Plastic Injection Molding Can Provide Inventors With Economical Manufacturing Costs - Free Invention Help.





 

 

 

 

 

Plastic Injection Molding Can Provide Inventors With Economical Manufacturing Costs.

Plastic Injection Molding - Cost of manufacturing information for inventors.

The wonderful thing about plastic injection molding is the low cost of the parts being produced when you need a large volume of parts.

The downside is the cost of injection molding tooling. The tooling, or the molds, range in price anywhere from $2000 for a simple one, to over a hundred thousand dollars for a big and complex injection mold.

The way the injection molders I've worked with figured out how much to charge per part was to weigh the part complete with runner to determine how much plastic resin is used for each part.  The size of the part determines what size molding machine must be used, and how big the mold is etc.

The details of the design in a large part determines the cycle time of the machine.  The cycle time is the amount of time it takes from the time a part is ejected from the machine to the time the next part ejects. Smaller parts require less "fill time", the time it takes for the machine to push the melted resin into the mold, and thinner part walls cool faster reducing the "hold time".  

The customer is charged a set up fee which pays for installing the mold into the molding machine, and getting it ready to mold parts.  Typically it runs a couple of hundred dollars and depends on things like how big the mold is and which accessories will be needed etc.

Since the set up fee is amortized over the whole run of plastic parts, the cost per piece is usually quite small.  For example, if you run a batch of 10,000 widgets, and the set up fee was $500.00 you are paying only 5 cents per part for the set up.  Of course, if you mold 100,000 per batch it drops to 1/2 cent per part.

Manufacturing Costs

Most plastic injection molding resins run a buck or two a pound, with specialized engineering resins costing over $5.00 per pound and more.  Plastic resins are available with strengths approaching that of aluminum, and some able to withstand over 500 degrees Fahrenheit.

So if your part can be made from the $1.00 per pound resin, and lets say you get 10 parts per pound, your only paying 10 cents per part for the material.

Lets further assume that the cycle time for your part is 45 seconds, (80 parts per hour), and that your are being charged a rate of $60.00 per hour for the machine time. That comes to seventy five cents per part.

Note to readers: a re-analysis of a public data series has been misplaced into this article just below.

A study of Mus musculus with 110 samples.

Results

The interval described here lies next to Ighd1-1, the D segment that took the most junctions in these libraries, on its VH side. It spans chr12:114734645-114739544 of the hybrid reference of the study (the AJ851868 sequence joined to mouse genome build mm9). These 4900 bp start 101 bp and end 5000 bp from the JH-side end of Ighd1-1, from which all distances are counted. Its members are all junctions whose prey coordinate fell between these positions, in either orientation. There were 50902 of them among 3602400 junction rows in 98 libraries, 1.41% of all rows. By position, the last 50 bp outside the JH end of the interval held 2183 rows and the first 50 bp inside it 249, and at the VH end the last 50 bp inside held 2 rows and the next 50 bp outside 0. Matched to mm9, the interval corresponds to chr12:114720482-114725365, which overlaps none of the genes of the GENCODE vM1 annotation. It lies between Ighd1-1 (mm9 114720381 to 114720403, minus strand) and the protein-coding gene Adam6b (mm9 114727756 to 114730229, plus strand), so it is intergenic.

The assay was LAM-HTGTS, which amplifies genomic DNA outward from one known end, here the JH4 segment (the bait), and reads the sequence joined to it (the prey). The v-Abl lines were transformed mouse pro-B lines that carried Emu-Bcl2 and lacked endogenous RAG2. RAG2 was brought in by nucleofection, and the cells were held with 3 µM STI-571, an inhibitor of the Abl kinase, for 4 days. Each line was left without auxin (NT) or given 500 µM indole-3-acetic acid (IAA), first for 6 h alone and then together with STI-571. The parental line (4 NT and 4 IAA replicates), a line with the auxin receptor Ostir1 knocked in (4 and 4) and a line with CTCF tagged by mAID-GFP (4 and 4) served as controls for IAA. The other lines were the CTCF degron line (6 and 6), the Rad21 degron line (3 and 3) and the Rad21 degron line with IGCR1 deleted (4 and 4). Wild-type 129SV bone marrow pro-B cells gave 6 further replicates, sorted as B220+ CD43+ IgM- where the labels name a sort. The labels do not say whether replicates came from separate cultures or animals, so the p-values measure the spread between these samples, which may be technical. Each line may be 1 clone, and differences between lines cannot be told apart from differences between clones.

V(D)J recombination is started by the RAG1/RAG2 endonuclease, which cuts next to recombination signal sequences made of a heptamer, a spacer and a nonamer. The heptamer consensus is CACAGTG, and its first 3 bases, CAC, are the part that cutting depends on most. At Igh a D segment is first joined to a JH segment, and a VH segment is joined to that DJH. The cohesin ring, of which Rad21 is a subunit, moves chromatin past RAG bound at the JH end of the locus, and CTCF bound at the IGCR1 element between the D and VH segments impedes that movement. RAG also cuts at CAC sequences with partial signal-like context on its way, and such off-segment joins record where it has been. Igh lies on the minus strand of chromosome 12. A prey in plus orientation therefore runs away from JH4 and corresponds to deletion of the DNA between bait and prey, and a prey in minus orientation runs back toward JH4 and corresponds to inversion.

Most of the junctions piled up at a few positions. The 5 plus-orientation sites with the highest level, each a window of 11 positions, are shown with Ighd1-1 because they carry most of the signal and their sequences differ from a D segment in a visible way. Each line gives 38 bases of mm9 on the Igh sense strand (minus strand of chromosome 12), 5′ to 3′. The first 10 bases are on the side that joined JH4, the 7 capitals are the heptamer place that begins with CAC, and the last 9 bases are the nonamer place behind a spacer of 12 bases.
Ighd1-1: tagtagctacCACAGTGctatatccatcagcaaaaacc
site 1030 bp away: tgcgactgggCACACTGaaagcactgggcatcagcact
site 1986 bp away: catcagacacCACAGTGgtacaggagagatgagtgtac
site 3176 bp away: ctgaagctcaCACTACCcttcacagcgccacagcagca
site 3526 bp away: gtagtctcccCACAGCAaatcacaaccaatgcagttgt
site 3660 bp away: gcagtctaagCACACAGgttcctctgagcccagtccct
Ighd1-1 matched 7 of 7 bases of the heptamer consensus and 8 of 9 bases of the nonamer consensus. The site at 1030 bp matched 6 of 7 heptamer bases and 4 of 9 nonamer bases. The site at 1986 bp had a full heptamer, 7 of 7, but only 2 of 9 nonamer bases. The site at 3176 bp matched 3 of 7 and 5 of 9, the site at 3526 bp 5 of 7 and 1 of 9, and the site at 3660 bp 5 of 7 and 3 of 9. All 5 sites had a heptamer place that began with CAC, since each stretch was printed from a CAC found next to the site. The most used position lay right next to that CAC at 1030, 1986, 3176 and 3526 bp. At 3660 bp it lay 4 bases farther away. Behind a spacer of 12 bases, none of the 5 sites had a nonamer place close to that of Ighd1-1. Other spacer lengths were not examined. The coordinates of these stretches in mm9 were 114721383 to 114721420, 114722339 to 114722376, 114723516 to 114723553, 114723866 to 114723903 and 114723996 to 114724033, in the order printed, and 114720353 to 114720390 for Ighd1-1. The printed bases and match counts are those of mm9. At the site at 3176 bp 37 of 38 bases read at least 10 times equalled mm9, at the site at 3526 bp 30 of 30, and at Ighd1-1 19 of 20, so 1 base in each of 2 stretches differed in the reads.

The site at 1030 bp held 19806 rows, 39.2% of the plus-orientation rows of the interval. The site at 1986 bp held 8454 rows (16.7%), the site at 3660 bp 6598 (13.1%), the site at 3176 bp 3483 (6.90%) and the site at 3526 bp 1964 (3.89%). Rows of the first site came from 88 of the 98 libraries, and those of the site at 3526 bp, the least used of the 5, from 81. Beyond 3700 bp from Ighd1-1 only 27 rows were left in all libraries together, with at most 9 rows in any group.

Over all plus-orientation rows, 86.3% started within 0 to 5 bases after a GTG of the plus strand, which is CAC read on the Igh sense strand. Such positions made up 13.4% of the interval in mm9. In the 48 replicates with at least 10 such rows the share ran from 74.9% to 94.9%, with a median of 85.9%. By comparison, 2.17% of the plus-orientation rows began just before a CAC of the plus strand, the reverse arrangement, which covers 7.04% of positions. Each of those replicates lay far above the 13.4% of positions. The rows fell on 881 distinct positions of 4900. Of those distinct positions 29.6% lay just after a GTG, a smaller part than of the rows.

Now we can estimate the cost for each part for a run of say 10,000 plastic parts.

$500 set up fee..................................$.05

cost for material per part.....................$.10

cost for machine time per part.............$.75

Total cost..........................................$.90 per part.

As you can see, plastic injection molding cycle times have a large influence on part costs.  Molding more than one part at a time can significantly reduce the cost. Putting 10 part cavities in the mold so the mold makes 10 parts per cycle would dramatically reduce the part per cost.

The more cavities the lower the manufacturing costs.

With injection molding, generally, the thinner the part, the shorter the cycle time since the part cools more quickly with thin sections.  

The tooling is critically important.  A poorly made tool can be very tricky to keep running, wear out quickly and or have lots of maintenance problems. That's in addition to delivering poor quality parts.  The tooling needs to be properly maintained as well.

You can find plenty of injection molding shops by searching for them online.  Most will be happy to work with you on your design.  They are a good source to find out where you can have prototypes of your invention made as well.  Many have machine shops and build prototypes as well as the tooling.

Sometimes they will be willing to amortize the cost of the tooling over a pre-determined number of parts. For large part runs the tooling costs can practically disappear leading to lower initial start up manufacturing costs.

If your parts need secondary operations such as drilling, gluing, painting, welding, etc. then you have to figure in those costs as well.  Often some operations can be performed by the operator of the machine while he waits for the machine to cycle, and it becomes quite economical.